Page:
Anyone interested in following the fortunes of Son of Faith Based: the Obama Years needs to download “Taking Stock: The Bush Faith-Based Initiative and What Lies Ahead,” a Pew-sponsored report of the Rockefeller Institute of Government’s Roundtable on Religion and Social Welfare Policy released this month. Author David J. Wright gives provides a fine (if at times understated) narrative of the Initiative since it was just a twinkle in John Ashcroft’s eye, including the extent of the Bush administration’s embedding of the thing in the federal administrative machinery, largely without congressional warrant. As Wright puts it:
Whatever the future may hold, however, and whether or not one agrees with the policy objective, the methodical character, breadth, depth and scale of the Bush Faith-Based Initiative mark it as a remarkable example of executive action.
Would that the Bushies had devoted half so much attention to, say, post-Katrina or Iraq reconstruction. That said, the actual impact of the Bush initiative–in terms of shifting the weight of social service provision towards faith-based organizations (FBOs)–was negligeable. Those FBOs that saw their share of the pie increase were the big regional and national agencies, not those at the congregational, municipal, or even statewide levels. So maybe, in the end, this was just another example of Bushian ineffectuality.
Apart from the details, what’s striking is how the Initiative came to define the Bush administration as religion–besotted. It proved a boon for secularist groups like the Freedom From Religion Foundation, which saw their membership rolls swell during the Bush years. Probably nothing did more to strengthen the Democratic Party’s hand with non-religious voters.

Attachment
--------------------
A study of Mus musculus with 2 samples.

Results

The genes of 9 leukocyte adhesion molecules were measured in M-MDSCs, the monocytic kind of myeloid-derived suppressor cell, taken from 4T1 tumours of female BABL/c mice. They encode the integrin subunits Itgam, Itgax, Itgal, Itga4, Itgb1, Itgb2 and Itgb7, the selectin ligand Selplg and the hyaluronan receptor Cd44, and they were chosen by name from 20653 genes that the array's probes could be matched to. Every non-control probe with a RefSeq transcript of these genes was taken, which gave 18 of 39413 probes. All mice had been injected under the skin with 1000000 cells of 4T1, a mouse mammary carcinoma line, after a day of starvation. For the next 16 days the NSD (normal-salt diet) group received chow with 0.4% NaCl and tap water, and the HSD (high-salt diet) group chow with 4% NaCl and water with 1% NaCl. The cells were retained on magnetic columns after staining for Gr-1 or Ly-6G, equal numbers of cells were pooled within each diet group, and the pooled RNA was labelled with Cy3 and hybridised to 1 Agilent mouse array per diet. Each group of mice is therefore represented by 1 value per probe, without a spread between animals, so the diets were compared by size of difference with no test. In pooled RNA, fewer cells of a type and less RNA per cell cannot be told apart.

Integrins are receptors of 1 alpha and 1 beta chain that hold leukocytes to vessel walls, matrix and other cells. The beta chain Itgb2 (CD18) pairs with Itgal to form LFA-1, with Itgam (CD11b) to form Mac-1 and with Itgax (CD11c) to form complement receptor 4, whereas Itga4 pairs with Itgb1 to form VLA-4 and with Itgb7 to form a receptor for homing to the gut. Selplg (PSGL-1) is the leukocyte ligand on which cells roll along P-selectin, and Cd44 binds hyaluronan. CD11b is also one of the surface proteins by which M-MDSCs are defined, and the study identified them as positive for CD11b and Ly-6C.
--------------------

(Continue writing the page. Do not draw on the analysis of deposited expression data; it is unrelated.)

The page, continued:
Congrariwise, the Obama administration has hung its own faith-based shingle from the White House to assure the religious that it feels their faith. And it has studiously avoided taking sides in the single most contentious aspect of the Initiative: allowing FBOs to hire only their own religious kind if they so choose. This tangled question now lies buried deep within the bowels of the Justice Department’s Office of Legal Counsel, awaiting resolution even as the Initiative rolls on, with different rules applying to different federal programs depending on how the relevant provisions of particular laws and executive orders were written.
For example, the Workforce Investment Act, which comes up for reauthorization this year, was only temporarily extended last time because Congress refused to go along with providing the FBO hiring discrimination exemption that the Bush administration wanted. Perhaps the Obama adminstration will dodge the issue by just plumping for the status quo ante. That won’t be so easy next year, however, when Temporary Aid to Needy Families (TANF), the major federal program for the poor, itself comes up for renewal. TANF was where the country started down the current faith-based road, and it comes with the FBO hiring exemption. There will be major Democratic opposition to continuing the exemptions. WWOD–What Will Obama Do?